Image source: Twitter video screenshot via @yaf

A Muslim student who removed nearly 3,000 miniature U.S. flags from a 9/11 memorial at Washington University in St. Louis — and was caught on video carrying them away in trash bags — railed against "Islamophobia" as he defended his "Flag Relocation."

What are the details?

Fadel Alkilani, who's vice president of finance for the Student Union, was seen by another student, Nathaniel Hope, removing the flags Saturday morning — the 20th anniversary of the terror attacks — and Hope began recording video showing Alkilani holding multiple plastic bags containing the flags, the college's newspaper reported.

Alkilani defended his actions in a formal statement Saturday night, which called it a "Flag Relocation Incident" in the title.

"Muslims such as I have faced fear, harassment, and Islamophobia from those who unjustly use the victims of 9/11 as a political cudgel," he wrote. "Those who died during 9/11 deserve better than to be used as a political tool by those who seek to excuse American imperialism and Islamophobia."

Image source: Twitter video screenshot via @yaf

He added:

Since 9/11, Islamophobic hate crimes have been higher than they ever were before. The United States invaded countries in the Middle East and Central Asia, and over 900,000 people have been killed because of the wars the United States has propagated. 37 million people have been displaced, with some reports stating that number reaches up to 59 million. Any memorial of 9/11 that does not contend with these facts is not only incomplete, but it also amplifies pro-imperialist sentiment and actively disrespects those who have died because of American Invasion. A memorial which uses U.S. flags is especially insidious, as it does not recognize those who have fallen, but uses a symbol that was on the shoulders of those who are responsible for the deaths of 900,000 people, and uses the innocent lives lost during 9/11 as a political prop upholding American hegemony.

Image source: Twitter video screenshot via @yaf

Alkilani also claimed he did nothing wrong — and was "verbally and physically harassed":

The misinformation that is currently circulating on YAF's page states that I was "stealing" the flags. This is due to a WashU College Republicans member, taking a video of me collecting flags in plastic bags. However, I had no intention of removing the flags from the Mudd Field area, and my full protest did not have the chance to be actualized. My planned protest was to place the bags of flags on Mudd field, along with various statistics (including those below) explaining the human cost of 9/11 in the past 20 years. On the sides of the bags, some writing may be visible, but the full statement was not outlined at the time of the video. I did not deface, destroy, damage, nor steal any flags, nor did I interfere with any registered event time. I assert that I did not violate any University Code of Conduct policy, though the conduct process is undergoing. Additionally, I was verbally and physically harassed by numerous WashU students and WUPD officers, whom I plan to report through official channels.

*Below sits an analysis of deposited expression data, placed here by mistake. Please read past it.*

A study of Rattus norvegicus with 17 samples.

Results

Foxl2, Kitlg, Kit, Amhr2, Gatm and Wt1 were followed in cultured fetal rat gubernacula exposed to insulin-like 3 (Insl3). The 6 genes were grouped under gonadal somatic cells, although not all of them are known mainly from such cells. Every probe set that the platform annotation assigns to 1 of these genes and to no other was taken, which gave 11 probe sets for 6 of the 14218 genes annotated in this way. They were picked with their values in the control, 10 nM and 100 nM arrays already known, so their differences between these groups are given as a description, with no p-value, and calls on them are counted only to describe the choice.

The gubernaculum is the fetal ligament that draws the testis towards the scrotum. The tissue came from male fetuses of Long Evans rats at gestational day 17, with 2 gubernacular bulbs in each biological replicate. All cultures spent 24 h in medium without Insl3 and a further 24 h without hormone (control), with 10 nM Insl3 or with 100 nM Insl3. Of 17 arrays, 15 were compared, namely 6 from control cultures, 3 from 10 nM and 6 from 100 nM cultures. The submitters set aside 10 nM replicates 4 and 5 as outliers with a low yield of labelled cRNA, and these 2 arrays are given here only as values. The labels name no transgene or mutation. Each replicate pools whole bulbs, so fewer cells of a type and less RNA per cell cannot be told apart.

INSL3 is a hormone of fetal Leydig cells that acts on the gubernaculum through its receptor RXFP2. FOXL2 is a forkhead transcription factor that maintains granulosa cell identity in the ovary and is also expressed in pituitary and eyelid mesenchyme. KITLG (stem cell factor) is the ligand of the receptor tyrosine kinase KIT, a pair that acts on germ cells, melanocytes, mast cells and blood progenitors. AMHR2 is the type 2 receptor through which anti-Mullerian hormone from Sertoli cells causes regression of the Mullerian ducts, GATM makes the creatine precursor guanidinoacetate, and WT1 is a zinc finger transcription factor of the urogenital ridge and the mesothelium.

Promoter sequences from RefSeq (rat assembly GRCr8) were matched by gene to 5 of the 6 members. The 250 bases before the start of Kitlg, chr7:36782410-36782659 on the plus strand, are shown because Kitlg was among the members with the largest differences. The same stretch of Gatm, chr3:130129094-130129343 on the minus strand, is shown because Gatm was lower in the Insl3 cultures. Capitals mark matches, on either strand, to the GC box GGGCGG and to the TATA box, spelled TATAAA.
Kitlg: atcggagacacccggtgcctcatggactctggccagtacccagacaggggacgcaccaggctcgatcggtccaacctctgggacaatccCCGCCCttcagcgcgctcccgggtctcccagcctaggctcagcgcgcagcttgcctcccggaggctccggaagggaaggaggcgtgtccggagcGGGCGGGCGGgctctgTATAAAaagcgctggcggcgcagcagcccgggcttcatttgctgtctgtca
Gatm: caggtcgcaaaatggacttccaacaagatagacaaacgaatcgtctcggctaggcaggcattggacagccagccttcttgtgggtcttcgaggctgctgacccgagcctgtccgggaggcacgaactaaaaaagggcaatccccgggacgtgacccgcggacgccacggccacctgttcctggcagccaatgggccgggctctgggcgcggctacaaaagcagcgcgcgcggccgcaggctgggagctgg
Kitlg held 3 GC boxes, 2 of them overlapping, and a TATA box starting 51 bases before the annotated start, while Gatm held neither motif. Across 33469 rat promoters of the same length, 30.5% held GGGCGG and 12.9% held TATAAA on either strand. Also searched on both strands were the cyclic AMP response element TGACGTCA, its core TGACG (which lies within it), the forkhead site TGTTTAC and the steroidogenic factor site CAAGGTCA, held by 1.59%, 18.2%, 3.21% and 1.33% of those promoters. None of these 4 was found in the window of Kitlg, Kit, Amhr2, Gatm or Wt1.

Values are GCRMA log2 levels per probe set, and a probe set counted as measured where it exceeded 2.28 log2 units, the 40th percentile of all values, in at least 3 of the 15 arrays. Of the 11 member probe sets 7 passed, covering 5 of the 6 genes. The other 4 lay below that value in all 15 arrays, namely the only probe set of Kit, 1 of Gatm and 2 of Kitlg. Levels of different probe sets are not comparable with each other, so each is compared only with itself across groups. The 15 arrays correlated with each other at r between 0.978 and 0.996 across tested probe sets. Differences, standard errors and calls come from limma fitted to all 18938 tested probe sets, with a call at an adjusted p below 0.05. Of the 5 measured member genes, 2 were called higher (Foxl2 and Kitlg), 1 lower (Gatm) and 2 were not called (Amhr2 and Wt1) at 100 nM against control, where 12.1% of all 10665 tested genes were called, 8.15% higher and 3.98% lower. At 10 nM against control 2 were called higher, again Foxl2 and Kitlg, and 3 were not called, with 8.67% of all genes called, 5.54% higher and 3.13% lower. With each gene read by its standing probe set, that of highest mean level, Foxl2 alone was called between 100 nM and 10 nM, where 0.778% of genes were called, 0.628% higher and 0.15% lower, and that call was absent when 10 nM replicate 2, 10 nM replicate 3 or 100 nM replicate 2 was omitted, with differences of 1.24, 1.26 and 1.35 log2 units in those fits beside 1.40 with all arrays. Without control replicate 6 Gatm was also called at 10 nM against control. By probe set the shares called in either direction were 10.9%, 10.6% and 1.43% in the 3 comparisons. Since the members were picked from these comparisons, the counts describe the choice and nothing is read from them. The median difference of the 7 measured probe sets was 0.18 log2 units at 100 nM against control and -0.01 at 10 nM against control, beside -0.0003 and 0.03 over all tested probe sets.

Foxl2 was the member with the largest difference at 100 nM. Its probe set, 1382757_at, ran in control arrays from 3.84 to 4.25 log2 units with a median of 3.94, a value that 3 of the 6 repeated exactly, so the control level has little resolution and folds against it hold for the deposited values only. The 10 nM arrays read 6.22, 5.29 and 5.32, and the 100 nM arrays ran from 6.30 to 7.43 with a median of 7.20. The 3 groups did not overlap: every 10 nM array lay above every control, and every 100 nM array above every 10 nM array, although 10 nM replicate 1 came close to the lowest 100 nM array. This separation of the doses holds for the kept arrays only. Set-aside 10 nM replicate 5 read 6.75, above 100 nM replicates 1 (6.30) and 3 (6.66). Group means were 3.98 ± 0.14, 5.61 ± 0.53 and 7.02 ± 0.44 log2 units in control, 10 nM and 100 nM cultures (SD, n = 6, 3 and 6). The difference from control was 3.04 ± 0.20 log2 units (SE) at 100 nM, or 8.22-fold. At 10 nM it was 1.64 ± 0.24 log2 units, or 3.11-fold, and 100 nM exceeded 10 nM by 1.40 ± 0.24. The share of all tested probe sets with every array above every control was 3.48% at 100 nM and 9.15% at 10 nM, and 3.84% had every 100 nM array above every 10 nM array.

Anything else?

Students said Alkilani tried to destroy the memorial Friday night, but campus police ordered him to stop, Fox News reported.

The school condemned Alkilani's actions in a statement to the paper: "We were disappointed to learn about the disruption to the 9/11 display on Mudd Field. We condemn the interference with the expression of support by the College Republicans for the victims of the national tragedy that took place 20 years ago today."

Chancellor Andrew Martin said much the same, the school paper reported Sunday: "I want to make it very clear that, as an institution, we find the actions of this student to be reprehensible. The removal of the flags impeded the ability of individuals to commemorate the lives lost on 9/11 and to process the trauma of that day."

While Martin didn't mention Alkilani by name, he did say the school would investigate the incident.

College Republicans president Nick Rodriguez said Alkilani "made a mockery of one of the most somber days in American history" and should be disciplined.

"At minimum, I believe he should be removed from both SU and his [resident advisor] position, as what does it say to be a top American institution, and have yourself represented by a student leader who has no respect for property, campus traditions or the remembrance of thousands of lost lives," Rodriguez said in a statement. "Today is about remembering the tragedy, 20 years ago to the day, not to make a political statement. Any reason he can conjure to remove the flags I find ludicrous."

Junior Reagan Steirn was among those who gathered with a large American flag on Mudd Field Saturday evening, the paper reported — and she was not happy about Alkilani's actions: "I'm livid. With a leadership role, someone doing those actions and showing his disrespect will just allow other students on campus to do the same thing, when in this situation it's just not okay to do that."

The paper also reported that Muslim students are saying they fear for their safety and are concerned about the rise of Islamophobic rhetoric from fellow students and from strangers on social media in the wake of the incident.